Are Banks Red-Lining Certain Areas Due To Safety Concerns?

According to Hendrik Pieterse, manager of Leapfrog Property Group Eerste River, some banks are declining home loans in certain areas where others would grant a mortgage, based on safety concerns. This practice has become known as red-lining, and Pieterse believes it is keeping the young and the poor out of the property market.

Red-lining is based on a decision made by a bank (but never admitted to) during which the institution demarcates an area as too risky and for which it refuses to approve home loans – applications are accepted but declined. The types of areas that are deemed too risky tend to be close to townships, areas of high crime and the like.

“One can never force a bank to lend money when the risk factors are out of the ordinary. It’s not as if banks sit on their own money and can take big risks with it, lending it and losing it. Very little of a bank’s money actually belongs to the bank, less than 6% if I’m not mistaken, the remaining 94% is ‘borrowed’ from investors, so they have to be conservative as they’re the financial custodians,” explains Jan le Roux, CE of REBOSA (Real Estate Business Owners of South Africa).

A lack of funding leads to market stagnation

While the position of banks is certainly understandable, so called red-lining makes it very difficult for people in certain areas to get financing for property; in essence, sellers can’t sell and buyers can’t buy due to a lack of funds.

“We often list a property in our area but the valuators from certain banks will devalue the property in their estimates, which in my opinion is wrong. Younger people find it hard to get a house in the areas they grew up in because the banks decide for them (by denying their home loan application), especially if there are RDP houses near the property in question,” says Pieterse.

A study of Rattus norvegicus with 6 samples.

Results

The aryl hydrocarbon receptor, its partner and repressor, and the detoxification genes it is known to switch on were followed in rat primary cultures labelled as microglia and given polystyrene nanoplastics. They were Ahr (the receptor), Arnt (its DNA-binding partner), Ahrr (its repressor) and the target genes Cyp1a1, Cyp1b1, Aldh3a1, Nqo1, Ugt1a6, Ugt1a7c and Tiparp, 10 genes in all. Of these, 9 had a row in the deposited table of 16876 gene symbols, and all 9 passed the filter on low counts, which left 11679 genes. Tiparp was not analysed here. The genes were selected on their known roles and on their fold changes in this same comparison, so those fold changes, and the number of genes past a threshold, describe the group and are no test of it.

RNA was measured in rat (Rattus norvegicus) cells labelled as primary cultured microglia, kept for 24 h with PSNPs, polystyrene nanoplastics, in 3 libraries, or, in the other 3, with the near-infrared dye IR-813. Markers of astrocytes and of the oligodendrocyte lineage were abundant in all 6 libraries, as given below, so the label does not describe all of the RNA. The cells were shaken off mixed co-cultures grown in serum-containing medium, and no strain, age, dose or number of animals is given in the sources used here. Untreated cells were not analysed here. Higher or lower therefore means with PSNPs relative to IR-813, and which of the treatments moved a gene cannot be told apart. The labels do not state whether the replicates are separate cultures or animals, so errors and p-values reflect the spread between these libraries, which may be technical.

Eerste River locals often want to stay in the area to be close to their families, while starting their own family. Young couples are generally looking for a freehold property with the option to expand the home as their needs increase. Pieterse notes that the average freehold property sells for between R400,000 and R600,000 and that buyers are happy to purchase, even near RDP housing, as they secure the property themselves with fencing, alarms and the like.

Considering that the average household income in Eerste River is between R9,000 and R17,000, it’s clear that these buyers will need home loans.

Possible solutions

Le Roux believes there are a number of options available to banks and buyers: “Where banks can do so much better is to be honest about specific areas, saying that they’ve had bad experiences etc., and instead of outright refusing the application, can offer alternatives such as asking for higher deposits, a lower ratio of what the purchaser is allowed to borrow (normally a buyer can spend 30% of his or her income on home loan repayments, perhaps this can be lowered to 25%), or insisting on a collateral investment from a family member for example to reduce the banks’ risk.”

He continues to indicate that agents operating in problematic areas can also show their commitment to the neighbourhood by investing 50% of their commission as a collateral investment in the loan. “Collateral investments are always for a specific time frame and the funds will be reimbursed after a certain period, once the bank’s risk has been sufficiently lowered. I believe that this shows a tremendous amount of faith in the area by the agent,” believes le Roux.